A typical chillum (or chilam or Shillum) is a straight conical pipe. Traditionally, chillums are made of clay, stone or wood and have been used by the Sadhus (Holy Men) in India and by Hindu monks in the Himalayan area since at least the 18th century to smoke opium, cannabis and other narcotics or herbs, but there have been finds of old chillums in South Africa as well, so the true origin of the chillum is unknown.
In India, smoking, or even ownership of a chillum was traditionally limited to male users and was mainly practiced in the rural areas of northern India. When they lit the chillum, they would touch their forehead with the chillum and then say: “Boom Shankar”. This was to invite Shiva and the other gods to come smoke the chillum with them.
A chillum was usually passed around and this made it especially important for the early stoner and hippie movement and their feeling of being "one" or part of a "family" in the 60s. At the same time, stoners returning from trips to the Indian sub-continent brought chillums back home as souvenirs (ok, not only for looking at them we assume) and the relatively easy way of smoking and cleaning added to their popularity. Side-note: Allegedly, the natives of America passed their chillums around anti-clockwise; it is said they wiped their - pardon me - ass with their left hand and would never touch a chillum with their left hand, so they would always pass it to the one to their right.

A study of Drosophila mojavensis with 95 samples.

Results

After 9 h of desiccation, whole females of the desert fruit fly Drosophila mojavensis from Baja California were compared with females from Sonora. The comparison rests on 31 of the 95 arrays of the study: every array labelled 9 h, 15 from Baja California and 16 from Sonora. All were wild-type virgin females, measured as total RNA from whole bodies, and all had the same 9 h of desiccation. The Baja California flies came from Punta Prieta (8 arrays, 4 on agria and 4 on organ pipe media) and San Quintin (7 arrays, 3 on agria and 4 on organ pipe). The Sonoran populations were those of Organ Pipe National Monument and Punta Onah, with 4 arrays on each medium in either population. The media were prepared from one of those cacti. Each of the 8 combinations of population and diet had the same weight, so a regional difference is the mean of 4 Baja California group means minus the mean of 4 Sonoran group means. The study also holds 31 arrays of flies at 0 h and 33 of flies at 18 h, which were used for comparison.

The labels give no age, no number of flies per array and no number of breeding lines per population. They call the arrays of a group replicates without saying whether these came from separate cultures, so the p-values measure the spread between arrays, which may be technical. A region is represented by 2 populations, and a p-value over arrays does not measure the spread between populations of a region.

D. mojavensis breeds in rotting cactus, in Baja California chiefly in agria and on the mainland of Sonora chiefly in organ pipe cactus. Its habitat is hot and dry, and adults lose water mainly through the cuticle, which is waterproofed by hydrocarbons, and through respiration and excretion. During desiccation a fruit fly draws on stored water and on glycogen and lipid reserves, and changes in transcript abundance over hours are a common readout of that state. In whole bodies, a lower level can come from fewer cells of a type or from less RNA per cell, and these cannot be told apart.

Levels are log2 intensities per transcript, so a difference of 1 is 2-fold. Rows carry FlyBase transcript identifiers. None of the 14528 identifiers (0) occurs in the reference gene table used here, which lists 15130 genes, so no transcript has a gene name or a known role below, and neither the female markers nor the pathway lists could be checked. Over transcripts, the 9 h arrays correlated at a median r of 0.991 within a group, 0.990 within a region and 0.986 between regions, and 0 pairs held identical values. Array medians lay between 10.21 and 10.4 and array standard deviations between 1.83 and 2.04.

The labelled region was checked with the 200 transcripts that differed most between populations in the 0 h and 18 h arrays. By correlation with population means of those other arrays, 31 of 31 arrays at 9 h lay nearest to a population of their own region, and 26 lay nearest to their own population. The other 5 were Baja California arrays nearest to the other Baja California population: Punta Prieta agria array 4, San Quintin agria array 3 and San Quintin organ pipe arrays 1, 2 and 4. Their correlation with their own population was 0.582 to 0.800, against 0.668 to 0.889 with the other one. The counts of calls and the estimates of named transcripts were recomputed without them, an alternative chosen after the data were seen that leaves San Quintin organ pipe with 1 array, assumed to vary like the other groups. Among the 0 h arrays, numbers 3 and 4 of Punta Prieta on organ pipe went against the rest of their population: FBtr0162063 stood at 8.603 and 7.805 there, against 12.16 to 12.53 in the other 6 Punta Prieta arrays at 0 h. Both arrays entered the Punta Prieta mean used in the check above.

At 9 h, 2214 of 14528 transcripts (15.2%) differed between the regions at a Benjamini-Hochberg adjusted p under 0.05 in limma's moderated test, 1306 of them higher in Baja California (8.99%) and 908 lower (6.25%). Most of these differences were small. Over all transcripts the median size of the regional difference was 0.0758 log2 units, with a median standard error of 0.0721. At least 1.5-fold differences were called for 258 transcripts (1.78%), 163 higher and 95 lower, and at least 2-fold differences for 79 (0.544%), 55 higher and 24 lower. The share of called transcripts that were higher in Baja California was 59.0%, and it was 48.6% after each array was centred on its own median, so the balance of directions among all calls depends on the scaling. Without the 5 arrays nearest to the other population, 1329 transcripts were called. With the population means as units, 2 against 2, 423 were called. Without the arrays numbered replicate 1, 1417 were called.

Today, or better said since the 1990s, the use of chillums is less popular due to all the high-end smoking paraphernalia and there are actually more chillums produced in Italy than in India, but older consumers of (not only) the hippie scene still stick to this archaic and very direct way of smoking cannabis and the fact that the smoking device has to be passed around to share the experience. Even the Rastafarians use chillums in their rituals - and miss the correct date by just one day with one of them! They celebrate their "Grounation Day" on April, 21st - D'OH! No 420, but still a good day to have a jointly smoke. But I digress...
There are crazy variations of chillums - people are inventive and carve disposable organic carrot or radish chillums (cool idea by the way, it adds some interesting flavor to the smoke) and some people make an art out of chillum creation. Darrel "Pipeman" Mortimer for example, a street artist from San Francisco made almost 10,000 chillums since 1970 and personally signed and sold them - ain't that dedication?
Many people in the stoner community call the down-stem of a bong also a "chillum" - from our knowing it is the most widely used term in stoner slang for this particular item. Bong "chillums" are usually made of glass or some kind of stainless metal.